Press Room


TN Legislators Miss Another Opportunity to Protect State’s Mountains

March 27, 2012

FOR IMMEDIATE RELEASE
3/27/2012

TN Legislators Miss Another Opportunity
to Protect State’s Mountains

House Subcommittee Kills Mountaintop Removal Ban
With Delay Tactic For Second Time


Despite a passionate plea by bill sponsor Rep. Michael Ray McDonald, the Conservation and Environment Subcommittee voted 6 to 4 to avoid a direct vote and instead condemn the bill to a summer study session which has no authority to vote on legislation. Representatives Richard Floyd, David Hawk, Ron Lollar, Pat Marsh, Frank Niceley and John C. Tidwell all cast pro-mountaintop removal votes. Representatives who voted to hear the bill were Charles Curtiss, Brenda Gilmore, Mike Kernell and Art Swann.

“When this bill was introduced in 2008 there were 5 mountains permitted for surface coal mining above two thousand feet in Tennessee. Now there are 13,” Rep. McDonald said to the subcommittee. “We have lost eight mountains since 2008 by delaying. If we don’t vote this year, we will lose more mountains. Without our mountains, Tennessee is not Tennessee.”

Rep. Floyd, who proposed the motion, claimed the summer session would give the subcommittee more time to study the issue. The Scenic Vistas Protection Act, active in the Tennessee legislature for the past five years, was sent by the same committee to summer study in 2011, with no result. The bill is designed to protect the state’s ridgelines above 2,000 feet from the destructive practice of mountaintop removal coal mining.

“There are dozens of studies documenting the negative impacts of mountaintop removal on our health, our economy and our environment,” said J.W. Randolph, Tennessee Director for non-profit organization Appalachian Voices. “These studies don’t make the issue complicated, they make it simple. Mountaintop removal is bad for our health, bad for business and bad for our state. A vote to send this issue to summer study is a pro-mountaintop removal vote.”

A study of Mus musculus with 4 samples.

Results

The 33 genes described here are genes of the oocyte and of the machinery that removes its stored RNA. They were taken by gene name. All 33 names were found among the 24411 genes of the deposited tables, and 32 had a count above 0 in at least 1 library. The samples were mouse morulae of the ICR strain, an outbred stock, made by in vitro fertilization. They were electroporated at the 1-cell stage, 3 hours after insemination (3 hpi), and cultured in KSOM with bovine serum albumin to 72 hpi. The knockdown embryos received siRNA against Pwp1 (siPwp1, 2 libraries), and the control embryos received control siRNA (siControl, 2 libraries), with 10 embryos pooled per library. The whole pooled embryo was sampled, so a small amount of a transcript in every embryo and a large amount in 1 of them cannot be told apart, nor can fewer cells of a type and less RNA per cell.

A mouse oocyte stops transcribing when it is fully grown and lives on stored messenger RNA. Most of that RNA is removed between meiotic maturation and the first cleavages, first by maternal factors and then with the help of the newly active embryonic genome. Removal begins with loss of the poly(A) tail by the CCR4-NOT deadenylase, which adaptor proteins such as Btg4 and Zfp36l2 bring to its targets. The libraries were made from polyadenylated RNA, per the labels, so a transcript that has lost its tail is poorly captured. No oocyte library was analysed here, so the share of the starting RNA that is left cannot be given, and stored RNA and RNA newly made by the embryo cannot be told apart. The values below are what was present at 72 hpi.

Prominent Tennesseans, such as former long-time Knoxville mayor Victor Ashe and Rev. Gradye Parsons, the highest elected official in the General Assembly of the Presbyterian Church (USA), spoke out in support of the ban on mountaintop removal. An editorial published last week in The Tennessean stated, “Whoever votes “no” to passage of HB 0291/SB 0577 will be on record as supporting this wanton destruction. They will not be able to argue that they did it for business, because mountaintop removal is bad for business — it props up a few jobs while wiping out many jobs related to tourism, conservation, real estate — even the increased number of mining jobs that a return to underground mining would create.”

Mountaintop removal is a devastating form of coal mining that uses high explosives to blast off tops of mountains to reach thin seams of coal. The resulting mining waste is dumped into nearby valleys, burying and polluting pristine headwater streams. More than 500 mountains and over 2,000 miles of streams have been destroyed in Appalachia by this practice.

For more information on the Scenic Vistas Protection Act, visit AppalachianVoices.org/Tn.